Creating Caring Communities That Transform Lives
Creating Caring Communities That Transform Lives
Creating Caring Communities That Transform Lives

I'm realizing that clinging to hope when our stories don't turn out as we've planned is a common struggle for many of us -- even more common than I thought. I've received more emails and comments related to this series of blog posts than any I've written before. Why is this? Because we all have at least one story that didn't end as we'd planned.

A friend of mine, who has endured suffering far beyond what one could imagine, sent me the following email (which I've edited for the sake of anonymity). It's an amazing statement of trusting God even when things don't turn out the way we'd hoped. After experiencing several severe losses, my friend, too, was encouraged by Carol Kent's book When I Lay My Isaac Down: Unshakable Faith in Unthinkable Circumstances. My friend writes:

"I have always thought that it is necessary to wrestle with the reality of Abraham's willingness in his obedience to God to sacrifice his son! And God asking him to in the first place! We tend to read those stories with some kind of spiritual bedtime story mentality! I have known that if I wrestle with the 'What is this, God?' question, I am relating with Him in an authentic way, and I come to a genuine surrender. In that place, I gain more of Him. With Paul, I am committed to being found in Him so much so that my DNA is more spiritual than biological. Little did I know or plan that my 'story'' would be found more in the fellowship of suffering than in the 'hope for a better life.' I am grateful in this moment for a Love that I might never have lived without the 'tsunamis' graced with His sovereignty.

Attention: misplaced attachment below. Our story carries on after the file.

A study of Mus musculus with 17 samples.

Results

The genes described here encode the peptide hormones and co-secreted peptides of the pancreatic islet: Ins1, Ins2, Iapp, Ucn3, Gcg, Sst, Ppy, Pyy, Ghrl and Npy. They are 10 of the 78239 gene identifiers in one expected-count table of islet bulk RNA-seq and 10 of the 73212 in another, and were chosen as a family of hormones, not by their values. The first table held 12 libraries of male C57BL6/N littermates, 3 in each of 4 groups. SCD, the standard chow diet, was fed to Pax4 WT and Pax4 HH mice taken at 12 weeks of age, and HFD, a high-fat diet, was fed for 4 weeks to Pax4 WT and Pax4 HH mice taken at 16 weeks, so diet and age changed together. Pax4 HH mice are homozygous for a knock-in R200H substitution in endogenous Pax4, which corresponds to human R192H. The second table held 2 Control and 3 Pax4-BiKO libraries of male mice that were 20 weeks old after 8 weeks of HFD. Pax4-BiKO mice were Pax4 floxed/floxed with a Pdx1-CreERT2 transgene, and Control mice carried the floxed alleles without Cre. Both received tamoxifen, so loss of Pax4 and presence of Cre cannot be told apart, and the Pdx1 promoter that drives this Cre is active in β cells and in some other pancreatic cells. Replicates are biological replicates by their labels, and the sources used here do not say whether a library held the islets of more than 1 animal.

P.S. I am not one who necessarily believes that one must suffer in order to know God intimately. Encounters with Him certainly change the atmosphere of our faith whether those encounters come in want or plenty. What I do know is He is God and I am not."

What an amazing response when life hasn't turned out as we've planned! My friend has suffered more than any one person should have to, and yet my friend continues to pursue God with an abandoned passion.

We'd all like to have DNA that's more spiritual than biological. Yet, are we willing to embrace suffering and the death of our planned story (if/when it comes) and still pursue God in such a way that our DNA is transformed in the process? It's easy to say 'yes' when our stories are working out; it's much harder when we face suffering. However, as I observe the life of my friend, I've seen that person handle suffering with an honest and vulnerable, yet deep and authentic hope--and it has profoundly impacted many, including me.